Private Firms Complete $8.3 Billion Purchase Of Avaya
CEO Louis D'Ambrosio looks forward to an expansion of Avaya's communications-enabled business processes portfolio under the new ownership.
Private equity firms Silver Lake and TPG Capital on Friday completed the acquisition of IP telephony provider Avaya in a transaction valued at about $8.3 billion.
Under the merger agreement, which Avaya adopted at a special meeting held on September 28, Avaya's stockholders are entitled to get $17.50 in cash for each share of common stock they owned before the merger. Now that Avaya is a privately-owned company, its common stock will be delisted from the New York Stock Exchange.
Avaya, a business communications system and software supplier with $5.2 billion in annual revenue, first unveiled its plans to be acquired in June. The planned acquisition raised concerns about what would happen to Avaya's future products and services once the private equity firms controlled all aspects of the company, including R&D and customer support.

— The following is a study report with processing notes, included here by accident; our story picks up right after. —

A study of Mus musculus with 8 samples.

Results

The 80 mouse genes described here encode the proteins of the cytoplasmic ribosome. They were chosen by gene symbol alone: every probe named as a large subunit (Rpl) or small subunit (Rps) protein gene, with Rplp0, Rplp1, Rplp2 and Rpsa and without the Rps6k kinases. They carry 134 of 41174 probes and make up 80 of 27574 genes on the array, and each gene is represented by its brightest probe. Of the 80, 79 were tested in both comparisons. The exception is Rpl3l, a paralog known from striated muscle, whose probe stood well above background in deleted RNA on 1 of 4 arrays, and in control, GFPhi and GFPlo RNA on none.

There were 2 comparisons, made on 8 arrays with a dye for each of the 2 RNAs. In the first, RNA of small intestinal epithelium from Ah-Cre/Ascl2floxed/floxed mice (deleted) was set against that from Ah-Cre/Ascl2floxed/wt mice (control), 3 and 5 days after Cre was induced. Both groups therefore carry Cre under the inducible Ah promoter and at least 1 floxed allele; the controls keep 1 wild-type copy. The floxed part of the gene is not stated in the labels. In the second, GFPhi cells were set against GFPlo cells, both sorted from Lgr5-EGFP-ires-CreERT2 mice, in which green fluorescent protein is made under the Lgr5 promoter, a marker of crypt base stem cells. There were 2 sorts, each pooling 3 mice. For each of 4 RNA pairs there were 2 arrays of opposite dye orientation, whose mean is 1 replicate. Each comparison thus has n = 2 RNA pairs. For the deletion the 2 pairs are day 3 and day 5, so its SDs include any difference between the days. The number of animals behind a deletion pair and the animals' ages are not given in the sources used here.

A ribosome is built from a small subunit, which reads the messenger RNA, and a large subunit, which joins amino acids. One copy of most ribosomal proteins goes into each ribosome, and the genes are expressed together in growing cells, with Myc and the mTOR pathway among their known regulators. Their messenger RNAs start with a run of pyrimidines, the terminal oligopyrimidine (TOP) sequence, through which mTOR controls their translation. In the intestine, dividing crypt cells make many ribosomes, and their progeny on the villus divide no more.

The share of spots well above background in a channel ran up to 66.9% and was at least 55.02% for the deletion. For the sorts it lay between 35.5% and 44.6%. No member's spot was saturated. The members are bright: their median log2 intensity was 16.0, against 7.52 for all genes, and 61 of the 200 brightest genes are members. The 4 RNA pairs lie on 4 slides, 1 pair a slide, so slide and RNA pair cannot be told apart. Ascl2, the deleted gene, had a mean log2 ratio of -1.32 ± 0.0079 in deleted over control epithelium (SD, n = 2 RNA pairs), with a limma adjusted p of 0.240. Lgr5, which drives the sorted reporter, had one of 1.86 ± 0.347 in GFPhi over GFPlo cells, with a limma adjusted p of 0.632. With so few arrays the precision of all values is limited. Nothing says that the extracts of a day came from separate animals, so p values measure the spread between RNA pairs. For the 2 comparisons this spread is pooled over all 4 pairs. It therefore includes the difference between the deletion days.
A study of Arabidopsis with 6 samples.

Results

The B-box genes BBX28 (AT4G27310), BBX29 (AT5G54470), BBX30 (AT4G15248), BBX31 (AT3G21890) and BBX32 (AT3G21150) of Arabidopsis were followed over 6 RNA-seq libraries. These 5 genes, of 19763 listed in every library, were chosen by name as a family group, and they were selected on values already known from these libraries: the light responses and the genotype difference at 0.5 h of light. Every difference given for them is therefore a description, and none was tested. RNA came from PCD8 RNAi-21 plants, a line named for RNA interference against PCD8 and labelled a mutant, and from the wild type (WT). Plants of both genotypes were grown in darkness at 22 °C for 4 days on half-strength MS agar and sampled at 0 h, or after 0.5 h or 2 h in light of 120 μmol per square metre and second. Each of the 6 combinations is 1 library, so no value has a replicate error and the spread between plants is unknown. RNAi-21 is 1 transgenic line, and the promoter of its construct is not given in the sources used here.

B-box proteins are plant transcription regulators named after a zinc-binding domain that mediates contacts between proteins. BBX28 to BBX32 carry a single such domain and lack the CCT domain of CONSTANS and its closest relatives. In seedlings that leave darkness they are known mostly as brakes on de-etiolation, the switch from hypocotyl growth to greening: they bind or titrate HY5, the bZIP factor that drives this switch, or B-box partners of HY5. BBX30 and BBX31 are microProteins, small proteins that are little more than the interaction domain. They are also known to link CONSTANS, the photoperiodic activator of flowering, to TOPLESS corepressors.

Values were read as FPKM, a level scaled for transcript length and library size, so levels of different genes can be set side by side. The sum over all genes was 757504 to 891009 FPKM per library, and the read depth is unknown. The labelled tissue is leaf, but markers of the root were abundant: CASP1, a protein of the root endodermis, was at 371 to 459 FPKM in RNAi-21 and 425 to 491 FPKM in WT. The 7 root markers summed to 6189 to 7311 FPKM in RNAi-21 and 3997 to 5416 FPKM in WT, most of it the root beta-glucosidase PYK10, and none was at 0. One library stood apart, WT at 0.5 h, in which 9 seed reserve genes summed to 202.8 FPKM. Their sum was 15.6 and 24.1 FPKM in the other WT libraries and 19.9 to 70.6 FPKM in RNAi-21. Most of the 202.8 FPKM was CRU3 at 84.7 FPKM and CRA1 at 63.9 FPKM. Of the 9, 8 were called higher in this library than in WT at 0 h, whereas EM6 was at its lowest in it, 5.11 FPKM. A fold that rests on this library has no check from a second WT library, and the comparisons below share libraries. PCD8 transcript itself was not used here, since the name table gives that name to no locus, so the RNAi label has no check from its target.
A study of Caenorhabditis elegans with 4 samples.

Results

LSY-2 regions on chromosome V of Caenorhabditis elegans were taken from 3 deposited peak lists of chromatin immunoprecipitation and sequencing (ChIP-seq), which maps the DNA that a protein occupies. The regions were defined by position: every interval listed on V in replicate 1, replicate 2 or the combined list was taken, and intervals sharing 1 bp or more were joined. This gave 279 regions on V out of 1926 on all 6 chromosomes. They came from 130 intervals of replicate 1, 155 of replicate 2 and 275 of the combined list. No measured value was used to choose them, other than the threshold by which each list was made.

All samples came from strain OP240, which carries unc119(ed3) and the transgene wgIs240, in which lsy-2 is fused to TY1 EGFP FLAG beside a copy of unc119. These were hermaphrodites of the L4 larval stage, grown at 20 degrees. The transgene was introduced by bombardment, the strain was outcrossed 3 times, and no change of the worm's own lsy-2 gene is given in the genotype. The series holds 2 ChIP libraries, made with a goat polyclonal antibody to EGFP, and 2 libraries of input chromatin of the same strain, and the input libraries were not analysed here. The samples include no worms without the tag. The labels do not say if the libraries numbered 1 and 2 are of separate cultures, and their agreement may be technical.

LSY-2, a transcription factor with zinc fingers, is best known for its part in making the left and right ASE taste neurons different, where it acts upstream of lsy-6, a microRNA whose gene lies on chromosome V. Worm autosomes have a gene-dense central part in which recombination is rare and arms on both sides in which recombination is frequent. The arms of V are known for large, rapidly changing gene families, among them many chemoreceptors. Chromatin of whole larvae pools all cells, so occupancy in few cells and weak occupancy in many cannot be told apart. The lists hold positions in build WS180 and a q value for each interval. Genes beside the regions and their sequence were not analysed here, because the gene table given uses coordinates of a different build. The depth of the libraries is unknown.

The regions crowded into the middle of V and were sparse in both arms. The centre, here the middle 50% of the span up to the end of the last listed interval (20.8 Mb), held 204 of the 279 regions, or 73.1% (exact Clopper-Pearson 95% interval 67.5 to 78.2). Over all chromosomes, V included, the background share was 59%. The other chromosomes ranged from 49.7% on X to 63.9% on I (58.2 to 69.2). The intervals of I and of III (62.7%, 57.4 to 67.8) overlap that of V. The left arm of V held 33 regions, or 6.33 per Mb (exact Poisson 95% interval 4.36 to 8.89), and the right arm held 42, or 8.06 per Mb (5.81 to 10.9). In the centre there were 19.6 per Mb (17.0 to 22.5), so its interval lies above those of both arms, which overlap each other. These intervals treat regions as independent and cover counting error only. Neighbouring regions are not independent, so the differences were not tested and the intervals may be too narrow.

But Avaya's CEO Louis D'Ambrosio ensured customers that being acquired is a positive move that frees Avaya from the quarterly pressures of Wall Street and lets the company focus on rolling out new products.
"In this private environment, we can ensure long-term focus from a product innovation perspective and R&D perspective, that we're doing this for the longtime benefit of the customers," said D'Ambrosio in a past interview with InformationWeek.
D'Ambrosio said customers can expect the acceleration of product deployments, such as Avaya's communications-enabled business processes portfolio.
He added, "Avaya is still Avaya, with the same strategy and the same commitment to its customers. Customers should be excited about a large technology company like Avaya going private and the innovation it can now bring to market."
Building A Mobile Business MindsetAmong 688 respondents, 46% have deployed mobile apps, with an additional 24% planning to in the next year. Soon all apps will look like mobile apps – and it's past time for those with no plans to get cracking.
InformationWeek Tech Digest, Nov. 10, 2014Just 30% of respondents to our new survey say their companies are very or extremely effective at identifying critical data and analyzing it to make decisions, down from 42% in 2013. What gives?